Warren Radebe is a talkative guy. The slim college student with baby locs sprouting from his crown calls out to several people, from the university's president to jocks and artist types, as he crosses Johnson C. Smith University's campus. "I have lots of friends," he says, stating the obvious. But it wasn't always this way.
Radebe moved to Charlotte in 2011 from a traditional South African household in Johannesburg. Most of his family didn't know he was gay. His freshman year, feelings of anger and isolation began to snowball. He finally hit a wall; during a self-described "emotional breakdown," he sought help from the school's counseling services.
Frederick Murphy, director of counseling services and co-advisor for Sexuality Advocacy For Equality (S.A.F.E.) Pride, pushed him to fully embrace himself.
"Unfortunately, there's a lot of stigma still around it, but I've always believed in diversity and inclusion. So in the office I strongly encourage students to develop a sense of who they are," Murphy says.
It was pivotal. Not only did Radebe begin coping better, he took his first step on the road to becoming an advocate for gender equality. Murphy and Dr. Rixon Campbell, co-advisors for S.A.F.E. Pride, encouraged him to join the organization.
"I told Warren, you're too nice," Murphy says. "You can't have one foot in and one foot out, especially when you're advocating these types of issues. Ever since then, he's been gung-ho."
Radebe is now vice president of S.A.F.E. Pride, and one of the key organizers behind JCSU's first-ever LGBTQ Pride Day, set for Nov. 19. The university has held smaller LGBTQ panel discussions in the past, through Campbell's office of Multicultural and International Student Affairs. But Pride Day will be something different, especially for the small, private, historically black university founded on religious principles. JCSU bucks conservative expectations. With an enrollment of just under 1,400 students, more than 200 of them have pledged to be allies — among them, says Radebe, much of the football team.
"Are we late? Yes. Many universities and colleges have done their Prides for decades now," Radebe says. "But is our university ready for this? Yes."
Though this will be JCSU's first full-on Pride celebration, for years the university has sponsored events where faculty and students could talk about and get exposure to LGBTQ issues. The S.A.F.E. Pride organization has sent representatives to conferences and camps. All this, Radebe says, was to prepare in students a mindset for gender advocacy. With Pride Day he hopes to see that worldview evolve into practical advocacy.
"We hope to accomplish several goals on campus, including gender-neutral bathrooms and full non-discrimination policies. Many on-campus organizations already have them, but we hope to see them say, 'What can we do better?' Every student must have the opportunity to experience each program on campus to the fullest," Radebe says.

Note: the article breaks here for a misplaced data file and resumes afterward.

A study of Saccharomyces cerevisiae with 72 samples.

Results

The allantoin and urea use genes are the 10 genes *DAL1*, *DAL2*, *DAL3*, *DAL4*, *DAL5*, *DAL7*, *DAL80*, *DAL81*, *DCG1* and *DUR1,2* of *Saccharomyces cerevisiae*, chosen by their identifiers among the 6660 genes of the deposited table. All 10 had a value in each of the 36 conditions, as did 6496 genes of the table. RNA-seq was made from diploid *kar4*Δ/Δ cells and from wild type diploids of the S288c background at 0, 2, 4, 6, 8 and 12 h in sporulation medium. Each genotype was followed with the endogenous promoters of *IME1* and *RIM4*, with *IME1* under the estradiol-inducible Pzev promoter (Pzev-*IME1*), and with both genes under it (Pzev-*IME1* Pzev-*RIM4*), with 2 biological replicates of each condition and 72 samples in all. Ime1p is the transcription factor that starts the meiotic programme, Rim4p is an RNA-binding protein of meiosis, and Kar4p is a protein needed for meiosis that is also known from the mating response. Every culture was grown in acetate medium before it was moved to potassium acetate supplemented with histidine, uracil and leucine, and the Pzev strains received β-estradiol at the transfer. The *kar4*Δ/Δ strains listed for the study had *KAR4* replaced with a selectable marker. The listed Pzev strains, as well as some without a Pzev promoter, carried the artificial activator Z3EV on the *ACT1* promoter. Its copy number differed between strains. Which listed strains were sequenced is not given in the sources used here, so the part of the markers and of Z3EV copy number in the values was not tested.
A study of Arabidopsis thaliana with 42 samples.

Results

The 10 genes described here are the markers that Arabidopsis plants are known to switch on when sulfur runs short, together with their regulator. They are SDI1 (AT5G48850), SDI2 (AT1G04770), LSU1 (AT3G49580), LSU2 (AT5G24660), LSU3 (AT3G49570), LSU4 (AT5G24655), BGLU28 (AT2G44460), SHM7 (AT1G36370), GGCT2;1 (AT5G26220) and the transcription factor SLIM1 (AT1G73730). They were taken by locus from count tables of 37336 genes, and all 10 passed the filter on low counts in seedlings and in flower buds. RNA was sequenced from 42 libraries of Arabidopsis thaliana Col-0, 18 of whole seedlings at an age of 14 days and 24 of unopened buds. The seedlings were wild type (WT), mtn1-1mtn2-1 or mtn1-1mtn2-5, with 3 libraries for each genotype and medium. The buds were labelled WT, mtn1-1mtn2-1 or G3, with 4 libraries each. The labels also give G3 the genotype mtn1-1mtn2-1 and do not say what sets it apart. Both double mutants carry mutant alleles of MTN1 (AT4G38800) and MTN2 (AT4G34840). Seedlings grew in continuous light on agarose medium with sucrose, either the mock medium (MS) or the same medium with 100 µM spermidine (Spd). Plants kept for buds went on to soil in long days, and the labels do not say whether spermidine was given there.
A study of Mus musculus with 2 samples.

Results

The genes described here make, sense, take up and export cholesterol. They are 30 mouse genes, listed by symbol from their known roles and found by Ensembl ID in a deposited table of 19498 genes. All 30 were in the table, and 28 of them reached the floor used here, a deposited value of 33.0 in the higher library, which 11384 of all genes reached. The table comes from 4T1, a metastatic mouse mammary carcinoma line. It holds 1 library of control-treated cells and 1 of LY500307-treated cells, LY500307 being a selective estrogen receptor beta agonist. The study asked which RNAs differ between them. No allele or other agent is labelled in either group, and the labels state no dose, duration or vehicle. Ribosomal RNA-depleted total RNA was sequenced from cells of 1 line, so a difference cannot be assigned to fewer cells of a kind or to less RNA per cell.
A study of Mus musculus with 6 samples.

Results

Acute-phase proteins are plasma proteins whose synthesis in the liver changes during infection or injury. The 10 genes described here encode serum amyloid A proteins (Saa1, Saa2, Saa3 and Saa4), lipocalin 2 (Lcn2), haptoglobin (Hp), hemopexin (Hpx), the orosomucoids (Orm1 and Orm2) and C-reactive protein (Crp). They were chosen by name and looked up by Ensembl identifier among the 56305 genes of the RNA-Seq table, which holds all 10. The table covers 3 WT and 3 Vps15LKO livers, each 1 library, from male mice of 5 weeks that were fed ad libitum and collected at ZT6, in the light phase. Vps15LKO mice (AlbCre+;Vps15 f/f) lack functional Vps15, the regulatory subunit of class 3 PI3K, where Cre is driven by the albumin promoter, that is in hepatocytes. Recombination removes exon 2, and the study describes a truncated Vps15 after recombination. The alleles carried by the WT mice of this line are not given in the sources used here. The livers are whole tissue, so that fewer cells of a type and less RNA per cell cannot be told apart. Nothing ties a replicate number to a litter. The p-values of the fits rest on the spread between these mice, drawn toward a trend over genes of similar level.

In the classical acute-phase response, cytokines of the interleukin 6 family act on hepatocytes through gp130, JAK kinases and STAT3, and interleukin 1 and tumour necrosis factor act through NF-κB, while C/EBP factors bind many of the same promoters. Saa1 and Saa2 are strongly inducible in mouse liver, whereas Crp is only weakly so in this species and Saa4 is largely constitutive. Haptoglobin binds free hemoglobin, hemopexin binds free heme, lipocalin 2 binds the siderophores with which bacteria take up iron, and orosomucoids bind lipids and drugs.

The school recently took the Campus Pride Index, a survey to assess LGBT-friendly policies, programs and practices. More than 50 schools have taken the survey. JSCU is submitting the results for study in December.
The Human Rights Campaign, a national group advocating for LGBTQ rights, and Promised Land Films backed a $4,000 grant to fund JSCU's Pride Day, which includes a reception, exhibitions, panel discussions and a screening of The New Black. The film examines the roles of race, faith and identity in the lead-up to Maryland's 2013 vote on marriage equality. The moderated discussions will be lyceums, so students who attend will receive class credit. One of the panel members is YouTube artist Bootz Durango, who is scheduled to perform at Pride. The entertainer grew up in Charlotte and lives in Greensboro, North Carolina, where he hosts events, speaks to youth about defying gender stereotypes and recently completed a tongue-in-cheek political campaign.
Participants in the Pride Day program include Time Out Youth, Power House, Bishop Tonyia Rawls of The Freedom Center and Bishop Ra'Shawn Flournoy of Rebirth Church. The Spiritual Life Center, the university's religious center open to all faith walks, will not be officially represented at the Pride — which could be disappointing to students. Representatives of the church say they "will be unavailable due to other commitments on that day."
Noni Lengoati, president of the Spiritual Life Center's student club, counts gender equality among important issues, along with incarcerated youth, homelessness and just "getting to know everyone as a brother or sister." The soft-spoken young woman is a calming match to Radebe, who shares her dorm as the first co-ed roommates on JCSU's campus.
All of this change is making a difference in the lives of not only the gay, but also the straight students, Radebe says.
"We have individuals here, staff and faculty and students, who believe this institution must not have this problem [of homophobia]. But a girl came up to me and said, 'God says your lifestyle is a sin.' I didn't argue. I said, 'I understand where you are coming from, but do not impress your beliefs upon me. You keep your peanut, I'll keep mine and we must agree to disagree.' She took it, and right away her friends tried to correct her. It showed me there is hope."